In continuing to work with the 2-node VMware vSAN stretched cluster in the home lab, I ran into a little issue with the network showing as partitioned and the witness host showing it was in STANDALONE mode when I could ping between the witness appliance and both hosts as well as ping using the vmkernel interfaces from the vSAN hosts and back to the witness appliance. As configured in a recent post, I had configured the Witness Appliance inside of VMware Workstation to POC running the witness outside of my vSAN cluster in the home lab. As it turns out I had ran into not a connectivity issue, but rather an MTU packet size issue as I will explain. If you run into the issue of the VMware vSAN Witness host not found.
VMware vSAN Witness Host Not Found
In the issue I experienced, it appeared like the network connectivity between the witness node and the other two hosts was good or so I thought. However, I had errors in the health of the vSAN cluster. As you can see below, the error presented, Witness host not found under the Stretched cluster section.
More detail to some degree on the error if we click on the “witness host not found” message. We see the Found 0 witness hosts on stretched cluster. The number of witness host on stretched cluster is not 1.
A helpful command that verifies the state of the Witness host is the esxcli vsan cluster get command. Note below, the Local Node State: STANDALONE which indicates the witness host is isolated or in a “network partition”. This means it can’t properly see the other vSAN hosts.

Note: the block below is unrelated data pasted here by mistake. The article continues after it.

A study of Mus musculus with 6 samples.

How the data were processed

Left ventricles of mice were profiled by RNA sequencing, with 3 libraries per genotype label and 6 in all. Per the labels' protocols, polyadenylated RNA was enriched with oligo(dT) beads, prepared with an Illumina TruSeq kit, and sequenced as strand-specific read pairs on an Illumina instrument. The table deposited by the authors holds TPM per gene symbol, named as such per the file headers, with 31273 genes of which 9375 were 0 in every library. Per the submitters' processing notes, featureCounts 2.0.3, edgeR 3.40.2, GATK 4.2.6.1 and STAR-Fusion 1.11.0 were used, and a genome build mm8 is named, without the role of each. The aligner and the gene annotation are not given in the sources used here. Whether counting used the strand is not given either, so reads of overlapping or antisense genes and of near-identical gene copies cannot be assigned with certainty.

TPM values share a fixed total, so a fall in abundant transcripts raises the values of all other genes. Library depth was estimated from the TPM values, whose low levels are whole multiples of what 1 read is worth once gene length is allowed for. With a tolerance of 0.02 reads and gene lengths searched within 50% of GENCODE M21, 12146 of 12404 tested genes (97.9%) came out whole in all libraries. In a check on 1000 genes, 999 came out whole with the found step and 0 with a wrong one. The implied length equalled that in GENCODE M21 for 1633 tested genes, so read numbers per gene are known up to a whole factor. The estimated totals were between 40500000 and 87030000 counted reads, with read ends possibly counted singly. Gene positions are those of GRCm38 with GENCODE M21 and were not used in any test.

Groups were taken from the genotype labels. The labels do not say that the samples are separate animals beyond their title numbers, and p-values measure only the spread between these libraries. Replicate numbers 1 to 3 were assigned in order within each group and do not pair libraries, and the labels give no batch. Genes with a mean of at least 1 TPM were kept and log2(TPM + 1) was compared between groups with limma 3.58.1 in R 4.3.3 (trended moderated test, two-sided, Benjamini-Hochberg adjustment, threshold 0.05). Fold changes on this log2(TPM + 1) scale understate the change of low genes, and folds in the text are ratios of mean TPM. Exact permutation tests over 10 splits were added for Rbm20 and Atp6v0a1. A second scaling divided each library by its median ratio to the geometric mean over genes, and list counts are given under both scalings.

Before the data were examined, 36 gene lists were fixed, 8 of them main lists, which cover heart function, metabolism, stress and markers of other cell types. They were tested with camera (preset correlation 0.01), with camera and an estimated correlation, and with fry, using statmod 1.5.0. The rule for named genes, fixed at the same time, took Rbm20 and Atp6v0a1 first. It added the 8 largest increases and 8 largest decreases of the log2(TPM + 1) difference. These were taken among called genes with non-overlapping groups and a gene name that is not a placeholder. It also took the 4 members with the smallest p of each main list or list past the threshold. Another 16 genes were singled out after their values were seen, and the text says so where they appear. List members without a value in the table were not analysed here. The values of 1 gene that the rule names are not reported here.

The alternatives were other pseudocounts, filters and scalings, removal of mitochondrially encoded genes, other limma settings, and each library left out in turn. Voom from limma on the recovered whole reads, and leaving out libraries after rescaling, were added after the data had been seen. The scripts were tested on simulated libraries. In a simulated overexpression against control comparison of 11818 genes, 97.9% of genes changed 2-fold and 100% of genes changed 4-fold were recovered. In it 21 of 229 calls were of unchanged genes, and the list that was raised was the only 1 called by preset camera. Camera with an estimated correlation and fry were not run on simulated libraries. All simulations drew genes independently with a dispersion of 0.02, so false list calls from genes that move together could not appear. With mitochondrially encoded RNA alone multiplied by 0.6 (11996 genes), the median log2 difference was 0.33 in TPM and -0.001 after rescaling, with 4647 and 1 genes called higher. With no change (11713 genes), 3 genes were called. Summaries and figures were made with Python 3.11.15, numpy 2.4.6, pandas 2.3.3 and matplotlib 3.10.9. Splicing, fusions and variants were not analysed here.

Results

There were a few helpful VMware KB articles that helped to point me in the right direction of what was going on:
vSAN Health Service – Witness host not found (2130585)
vSAN Health Service – Network Health – vSAN Cluster Partition (2108011)
vSAN Health Service – Network Health – Hosts small ping test (connectivity check) and Hosts large ping test (MTU check) (2108285)
VMware Workstation Limitation for VMware vSAN Witness Host
As cool as it is to be able to use VMware Workstation for hosting the VMware vSAN Witness Host, it does have a limitation. In putting the errors together, the inability for the stretched cluster to see the Witness host and the “large ping” test fail, I looked at how the Witness host portgroup was configured. I had set the portgroup to jumbo frames, however, in looking the VMware Workstation NIC I was using had not been set to jumbo frames so wasn’t able to communicate.
The problem is as far as I have found, VMware Workstation doesn’t support jumbo frames especially outside of the vSwitch, i.e. for bridged traffic out to the LAN. The resolution for me to get past the network partition on the server was to set the MTU value back to 1500 for the vSAN Witness portgroup. This resolved the partition issue and vSAN Witness host not found error, however, I am still left with the large ping test failing. This seems to be more of a soft error however as the cluster is now up and running and able to talk to the vSAN Witness host.
If you run into a network partition issue, be sure your port group/physical nic, switchport all match up the MTU value you are passing along. If you set the MTU to jumbo frames at the portgroup level and don’t have this configured on the physical layer, you will have issues. In my case the limitation of VMware Workstation is evident here as I am not able to pass along jumbo frame sizes bridged to the LAN from the VMware Workstation vSwitch. By configuring the portgroup back to MTU value of 1500, the VMware vSAN Witness Host is found and the cluster is no longer partitioned.